Effective Leadership Development: The Wrong Way to Be a Leader

Effective Leadership Development: The Wrong Way to Be a Leader

Effective Leadership Development isn’t just about what to do, it’s about what NOT to do!

If you think that being harsh to your team is the best way to show that you’re the leader, think again. Mistreating your people is not the proper way to lead them. One of the key team building themes of effective leadership development programs is how to treat your team right! Your team is like a car: you have to take care of it if you want it to take you places. Remember what Dwight Eisenhower said: “You do not lead by hitting people over the head—that’s assault, not leadership.”

Effective Leadership Development: The Wrong Way to Be a LeaderOf course we all know that it’s illegal to literally physically assault anyone, but there are many ways of “hitting” people. Here are a few forms of abuse to avoid:

“Be thankful you have a job!”

This is probably one of the worst ways to motivate employees, although it has become more popular ever since unemployment started to rise.

While it may be true, it doesn’t help you, your company, or your team when you tell them they should be thankful that they’re still employed.

At best, this kind of verbal assault only encourages employees to do just enough to avoid being fired, and “just enough” is a far cry from doing their best! It’s also likely that you’d only get more sullen team members as a result – and those who do excel will end up ditching your team at their first opportunity.

There’s an old saying that a happy customer will tell one person, and an unhappy customer will tell five people. The same holds true for unhappy employees. If you choose the heavy-handed management style, word will spread quickly within your organization and people will do everything possible not to be assigned to your team.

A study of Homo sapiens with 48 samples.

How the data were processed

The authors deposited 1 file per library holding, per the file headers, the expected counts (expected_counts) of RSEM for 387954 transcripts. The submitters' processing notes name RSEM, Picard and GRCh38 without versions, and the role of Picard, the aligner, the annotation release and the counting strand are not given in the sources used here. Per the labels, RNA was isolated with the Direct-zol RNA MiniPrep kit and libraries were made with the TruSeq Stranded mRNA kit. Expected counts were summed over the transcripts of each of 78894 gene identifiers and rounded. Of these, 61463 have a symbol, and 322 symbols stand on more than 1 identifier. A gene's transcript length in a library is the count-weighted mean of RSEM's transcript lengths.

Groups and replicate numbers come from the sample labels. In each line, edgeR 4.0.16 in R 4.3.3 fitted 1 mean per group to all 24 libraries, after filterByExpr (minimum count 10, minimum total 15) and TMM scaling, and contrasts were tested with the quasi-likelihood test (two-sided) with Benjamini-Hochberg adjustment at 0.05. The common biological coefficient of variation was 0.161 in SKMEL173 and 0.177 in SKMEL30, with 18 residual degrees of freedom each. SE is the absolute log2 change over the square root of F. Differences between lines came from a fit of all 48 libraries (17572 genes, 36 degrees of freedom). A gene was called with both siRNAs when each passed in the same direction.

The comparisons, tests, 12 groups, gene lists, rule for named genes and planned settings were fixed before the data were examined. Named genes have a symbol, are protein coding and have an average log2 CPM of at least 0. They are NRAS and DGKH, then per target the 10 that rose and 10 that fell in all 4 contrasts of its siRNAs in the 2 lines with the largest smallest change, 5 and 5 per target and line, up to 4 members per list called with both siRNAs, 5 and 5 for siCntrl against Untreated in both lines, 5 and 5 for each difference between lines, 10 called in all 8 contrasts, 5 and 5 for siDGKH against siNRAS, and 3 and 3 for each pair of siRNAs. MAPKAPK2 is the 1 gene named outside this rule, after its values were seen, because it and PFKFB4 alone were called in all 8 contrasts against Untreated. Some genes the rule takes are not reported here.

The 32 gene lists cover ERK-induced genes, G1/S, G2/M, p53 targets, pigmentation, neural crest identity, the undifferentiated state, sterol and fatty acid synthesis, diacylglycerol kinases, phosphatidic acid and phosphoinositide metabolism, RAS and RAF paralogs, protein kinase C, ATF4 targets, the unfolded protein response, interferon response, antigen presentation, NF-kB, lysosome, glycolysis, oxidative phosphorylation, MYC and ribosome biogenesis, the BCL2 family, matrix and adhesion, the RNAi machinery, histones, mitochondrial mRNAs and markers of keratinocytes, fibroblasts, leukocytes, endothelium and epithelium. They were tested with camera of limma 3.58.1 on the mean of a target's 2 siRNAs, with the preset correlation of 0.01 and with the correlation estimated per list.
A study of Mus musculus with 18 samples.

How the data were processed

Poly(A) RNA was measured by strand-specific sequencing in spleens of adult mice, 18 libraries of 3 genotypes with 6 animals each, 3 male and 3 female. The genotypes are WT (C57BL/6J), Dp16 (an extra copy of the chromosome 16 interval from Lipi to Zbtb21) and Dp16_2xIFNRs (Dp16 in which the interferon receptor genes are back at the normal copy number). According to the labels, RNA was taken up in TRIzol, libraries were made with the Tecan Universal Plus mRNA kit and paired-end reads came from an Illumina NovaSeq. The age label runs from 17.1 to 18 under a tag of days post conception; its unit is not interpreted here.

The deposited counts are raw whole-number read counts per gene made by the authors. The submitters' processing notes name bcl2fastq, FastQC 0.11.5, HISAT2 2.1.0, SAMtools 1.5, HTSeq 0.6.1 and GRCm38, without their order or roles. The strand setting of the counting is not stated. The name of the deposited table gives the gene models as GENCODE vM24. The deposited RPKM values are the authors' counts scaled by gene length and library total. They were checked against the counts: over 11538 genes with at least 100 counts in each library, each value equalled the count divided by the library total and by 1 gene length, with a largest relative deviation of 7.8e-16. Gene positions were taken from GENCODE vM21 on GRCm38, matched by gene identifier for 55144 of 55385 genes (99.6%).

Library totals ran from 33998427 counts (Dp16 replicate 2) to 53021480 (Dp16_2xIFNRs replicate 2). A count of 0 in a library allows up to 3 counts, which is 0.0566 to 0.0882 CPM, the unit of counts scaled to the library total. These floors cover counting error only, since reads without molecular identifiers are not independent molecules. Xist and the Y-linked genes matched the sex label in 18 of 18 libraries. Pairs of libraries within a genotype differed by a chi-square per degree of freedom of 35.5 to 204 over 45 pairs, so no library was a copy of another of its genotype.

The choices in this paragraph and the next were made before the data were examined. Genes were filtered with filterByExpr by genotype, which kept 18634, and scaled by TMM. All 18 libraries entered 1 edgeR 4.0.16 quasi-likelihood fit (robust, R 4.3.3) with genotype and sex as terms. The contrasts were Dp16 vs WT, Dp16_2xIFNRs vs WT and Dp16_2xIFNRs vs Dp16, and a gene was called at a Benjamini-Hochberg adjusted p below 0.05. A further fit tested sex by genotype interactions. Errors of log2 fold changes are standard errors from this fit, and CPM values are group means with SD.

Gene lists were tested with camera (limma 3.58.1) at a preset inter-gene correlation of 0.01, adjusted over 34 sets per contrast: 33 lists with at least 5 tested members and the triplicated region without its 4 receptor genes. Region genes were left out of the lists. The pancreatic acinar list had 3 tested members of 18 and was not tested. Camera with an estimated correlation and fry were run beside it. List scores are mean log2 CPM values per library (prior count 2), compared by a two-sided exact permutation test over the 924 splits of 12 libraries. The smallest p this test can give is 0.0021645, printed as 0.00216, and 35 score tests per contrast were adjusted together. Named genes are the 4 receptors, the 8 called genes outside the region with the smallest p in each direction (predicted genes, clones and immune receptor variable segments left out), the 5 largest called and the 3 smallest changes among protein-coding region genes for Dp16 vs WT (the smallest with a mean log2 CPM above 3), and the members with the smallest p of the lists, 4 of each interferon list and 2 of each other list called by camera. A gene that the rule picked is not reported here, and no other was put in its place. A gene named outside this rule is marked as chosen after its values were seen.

Criticizing a Member of Your Team in Public

Some so-called leaders think that berating someone in public is the proper way to motivate not just the person at fault, but also the team as a whole. Wrong! Instead, publicly humiliating employees creates resentment, fear, and pressure that leads to reduced productivity.
If you have to point out that someone did something wrong, do it in private.

Personal Insults

Personal insults are equivalent to verbal abuse, and in some cases, prosecutable offenses. Instead, try using constructive criticism as a way to give feedback. That way, your employees might actually be able to hear and process what you are saying to them, instead of thinking about the complaint they’re going to make to Human Resources at the end of your meeting for verbal abuse.

You might be surprised at how often these mistakes are committed all over the business world. It is proof that just because something is popular doesn’t make it right.

Trust The Experts

Effective leadership development is a process that requires practice and application in order to be an effective leader. We can help!

As a leader in the training and leadership development industry, our experienced facilitators have seen it all – both the good and the bad. They have captured these moments, and they use their years of practical experience to deliver powerful, insightful methods on how to become the effective leader you want to be. In our extensive leadership training workshops you’ll learn a little bit about the wrong ways of motivating your team members, and a lot about how to do it properly.


About The Author


Rob has been a speaker and trainer for over 20 years specializing in public speaking, personality profiles, sales training, management, and team building. As a former corporate executive, he brings a solid blend of theory and practice to help people connect and communicate. He is a member of the National Speaker’s Association and has served as President and Chairman on several Executive Leadership boards. In addition to being a Certified DiSC Trainer, Rob has logged hundreds of instructional classroom hours. Rob is one of the most requested trainers for repeat business because his engaging style of storytelling and humor captivates an audience and moves them to action.